When Angela Howe-Parrish didn’t hear anything regarding her application to a fashion show in Paris, she assumed she wasn’t selected.
“I kind of gave up,” she said.
But one day in June, Howe-Parrish opened an email she never thought she’d receive.
She had been accepted to participate in the third annual Paris Indigenous Fashion Week, an event that has provided Indigenous designers with a global platform, helping them break into the mainstream fashion industry.
Howe-Parrish printed the email immediately. She sat at a table in her bedroom in Billings holding the print copy and read it again.
Then she rushed to tell her husband, Christian Parrish Takes the Gun, also known to many as the rapper “Supaman.”
“Oh my gosh!” she told him. “My dreams are coming true.”
Howe-Parrish began to cry. It didn’t feel real.
Fashion is in Howe-Parrish’s blood.
She grew up learning from her mother, Donna Howe, who was a seamstress and home economics teacher. To make some extra money, Donna started a side hustle sewing clothes with Native designs. She named her brand Choke Cherry Creek, after what the Crow people used to call the Bozeman area.
When Howe-Parrish was in eighth grade, her mother taught at Plenty Coups High School in Pryor. Because the school was small — now serving about 70 students — Howe-Parrish was allowed to attend prom.
Howe-Parrish was thrilled to showcase her new skills. She sewed her own dress, complete with a black, shiny bodice top and a flared metallic midi skirt with black lace detail.
Howe-Parrish’s grandmothers and aunts were excellent beaders, and when Howe-Parrish was about 19 or 20, she was desperate to learn from them.
“I remember my grandmother gave me a medallion that was half done, and she said, ‘You bead the rest of this just how I beaded the first half,’” Howe-Parrish recalled. “The quality of her beadwork was just exquisite. It was perfect. I had to take mine out and redo it a few times. But that’s how I learned.”
As she grew older, Howe-Parrish, who is Crow and a Blackfeet descendant, worked in sales and as an entrepreneur, and she continued to sew and bead for fun. She helped design some items for Good Medicine Clothing, part of her husband’s brand. She made some regalia. She sewed some outfits for herself for events. And she beaded for her family members.
Over time, friends and family encouraged Howe-Parrish, now in her 40s, to sell and showcase her work. Howe-Parrish entertained the idea, but it didn’t become real until her friend Cora Chandler approached her with an opportunity.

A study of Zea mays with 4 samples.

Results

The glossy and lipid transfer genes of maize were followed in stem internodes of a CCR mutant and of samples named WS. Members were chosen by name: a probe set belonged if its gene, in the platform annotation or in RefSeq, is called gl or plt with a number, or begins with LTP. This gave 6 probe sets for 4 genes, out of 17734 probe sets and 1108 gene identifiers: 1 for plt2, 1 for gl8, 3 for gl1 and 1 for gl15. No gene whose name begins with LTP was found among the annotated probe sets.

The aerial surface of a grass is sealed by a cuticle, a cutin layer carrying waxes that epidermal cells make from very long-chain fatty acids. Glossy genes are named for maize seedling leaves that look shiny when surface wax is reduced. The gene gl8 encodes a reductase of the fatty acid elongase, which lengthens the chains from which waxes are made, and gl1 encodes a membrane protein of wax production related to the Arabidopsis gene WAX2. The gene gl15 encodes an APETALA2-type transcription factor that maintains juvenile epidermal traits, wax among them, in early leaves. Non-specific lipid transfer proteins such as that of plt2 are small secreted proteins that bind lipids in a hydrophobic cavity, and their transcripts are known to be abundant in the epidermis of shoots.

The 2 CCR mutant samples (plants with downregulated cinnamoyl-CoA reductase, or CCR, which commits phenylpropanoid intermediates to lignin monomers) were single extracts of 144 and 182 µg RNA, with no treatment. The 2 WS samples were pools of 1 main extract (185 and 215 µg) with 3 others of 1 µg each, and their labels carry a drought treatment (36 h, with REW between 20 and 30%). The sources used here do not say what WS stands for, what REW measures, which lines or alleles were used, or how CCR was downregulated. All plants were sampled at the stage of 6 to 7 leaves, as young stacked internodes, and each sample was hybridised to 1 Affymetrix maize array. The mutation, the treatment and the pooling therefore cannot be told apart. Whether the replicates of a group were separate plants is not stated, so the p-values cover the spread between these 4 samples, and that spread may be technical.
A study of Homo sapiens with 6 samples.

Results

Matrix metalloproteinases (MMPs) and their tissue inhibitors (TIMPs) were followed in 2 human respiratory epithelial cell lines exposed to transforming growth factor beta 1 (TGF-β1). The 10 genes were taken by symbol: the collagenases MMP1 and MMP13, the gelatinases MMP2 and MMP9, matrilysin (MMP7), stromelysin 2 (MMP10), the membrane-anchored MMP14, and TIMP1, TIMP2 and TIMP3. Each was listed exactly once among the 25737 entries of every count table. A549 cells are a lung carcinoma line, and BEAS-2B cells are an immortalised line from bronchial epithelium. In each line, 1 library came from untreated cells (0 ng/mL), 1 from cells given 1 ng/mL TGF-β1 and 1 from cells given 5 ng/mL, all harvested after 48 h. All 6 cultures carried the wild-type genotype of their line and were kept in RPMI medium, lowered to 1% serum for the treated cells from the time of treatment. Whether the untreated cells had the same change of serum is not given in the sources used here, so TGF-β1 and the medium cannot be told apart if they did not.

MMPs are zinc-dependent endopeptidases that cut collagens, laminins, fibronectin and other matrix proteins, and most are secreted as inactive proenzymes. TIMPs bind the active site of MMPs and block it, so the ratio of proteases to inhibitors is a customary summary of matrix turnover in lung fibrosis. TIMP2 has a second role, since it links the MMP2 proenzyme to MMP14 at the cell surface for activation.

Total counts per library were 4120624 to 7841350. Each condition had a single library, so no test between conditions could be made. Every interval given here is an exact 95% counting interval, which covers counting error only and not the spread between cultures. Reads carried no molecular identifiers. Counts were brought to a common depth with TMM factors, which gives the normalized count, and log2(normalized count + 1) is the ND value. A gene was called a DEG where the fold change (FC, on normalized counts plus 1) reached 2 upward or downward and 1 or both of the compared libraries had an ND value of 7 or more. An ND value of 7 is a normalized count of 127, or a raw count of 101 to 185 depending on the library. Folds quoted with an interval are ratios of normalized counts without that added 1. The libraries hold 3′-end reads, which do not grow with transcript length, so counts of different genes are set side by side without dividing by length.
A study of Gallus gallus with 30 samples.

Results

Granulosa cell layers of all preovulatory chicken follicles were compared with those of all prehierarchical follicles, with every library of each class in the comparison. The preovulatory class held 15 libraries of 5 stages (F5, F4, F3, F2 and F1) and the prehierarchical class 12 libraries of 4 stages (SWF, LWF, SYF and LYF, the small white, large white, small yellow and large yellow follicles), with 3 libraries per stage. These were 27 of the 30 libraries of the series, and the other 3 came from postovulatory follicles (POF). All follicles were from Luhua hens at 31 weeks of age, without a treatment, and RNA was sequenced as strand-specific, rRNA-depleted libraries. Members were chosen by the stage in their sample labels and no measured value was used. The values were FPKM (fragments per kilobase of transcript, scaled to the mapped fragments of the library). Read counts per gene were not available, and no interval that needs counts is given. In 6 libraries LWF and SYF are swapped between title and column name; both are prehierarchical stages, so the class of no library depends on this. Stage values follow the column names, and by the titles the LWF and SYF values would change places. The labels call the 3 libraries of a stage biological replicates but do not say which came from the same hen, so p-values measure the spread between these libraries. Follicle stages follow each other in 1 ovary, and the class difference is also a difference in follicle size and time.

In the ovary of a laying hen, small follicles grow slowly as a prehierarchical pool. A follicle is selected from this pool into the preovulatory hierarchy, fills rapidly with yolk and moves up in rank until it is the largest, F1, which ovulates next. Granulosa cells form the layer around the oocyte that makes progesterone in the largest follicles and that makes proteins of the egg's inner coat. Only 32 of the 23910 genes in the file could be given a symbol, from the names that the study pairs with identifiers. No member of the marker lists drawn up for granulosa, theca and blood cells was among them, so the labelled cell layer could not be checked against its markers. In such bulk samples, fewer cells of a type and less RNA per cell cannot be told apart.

Chandler helped organize the first annual Big Sky Indigenous Women in Fashion and Art Gala in April.
“I remember she told me, ‘I’m planning this. I want you to be part of it. So be ready,’” Howe-Parrish recalled, adding that, at the time, she feared she wasn’t up to the job.
But Howe-Parrish was ready. It was her first fashion show, and she showcased 12 looks. More than 500 people were in attendance.
The event was a success. People wanted to follow Howe-Parrish. Community members congratulated her. They wanted to buy her work. They wanted to know where she’d go next. Howe-Parrish was thrilled.
Howe-Parrish began featuring her work in more shows. And a little more than a month later in May, with her mother’s permission, Howe-Parrish launched Choke Cherry Creek, a company featuring her contemporary Apsáalooke, or Crow, designs.
In September, Howe-Parrish and her family, flew from Montana to Paris so she could show her work at Indigenous Fashion Week. About a dozen other Native designers participated, and she was the only Montana designer there.
Howe-Parrish created 16 looks for the show in a collection called, “Honoring My Mothers and Grandmothers.” About half of the pieces were “ready-to-wear” looks, and half were couture. All of the outfits featured contemporary Apsáalooke designs and geometric shapes. The collection featured a gold dress with imitation elk teeth, which Howe-Parrish calls her “showstopper.”
Howe-Parrish said Indigenous models walked in the show, and every makeup artist was Indigenous as well. Howe’s 13-year-old son Brayden modeled in the show, and her older son Samuel’s girlfriend, Corrin Lamere, wore the “show-stopping” dress.
“It was such a high for me,” Howe-Parrish said. “It’s amazing we’re in these spaces. Native representation is important. You can use this platform as an opportunity to share who we are, that we are still here and that we have our beautiful culture. It’s really special. There’s so much meaning in each piece. That’s what I love about it.”
Howe-Parrish said the fashion world has opened doors. Her business has become increasingly popular and she fields more clothing orders and fashion show invites. Her success in the industry has brought opportunities to her community as well.
“People were asking me if Corrin was signed with an agency,” she said. “It’s so awesome to see and have that impact. Events like this can inspire someone to sew or bead or create something for themselves. It’s been the biggest joy.”
Howe-Parrish hopes to continue to inspire and encourage local youth. This month, she plans to visit St. Labre Indian School in Ashland and Lodge Grass Public Schools to speak with students about fashion, self-love and confidence.
“I like going to these communities and using young people in my fashion shows,” she said. “I like putting them in my clothes and seeing their confidence boost knowing that the clothes have meaning and tribal designs. They take pride in that. They like it. And I like seeing their joy.”
Howe-Parrish is hoping to launch her new “Resiliency Collection” in November. The line will include men’s wear, casual wear and dresses — all complete with Crow colors and geometric patterns.
This article was first published in the Missoulian.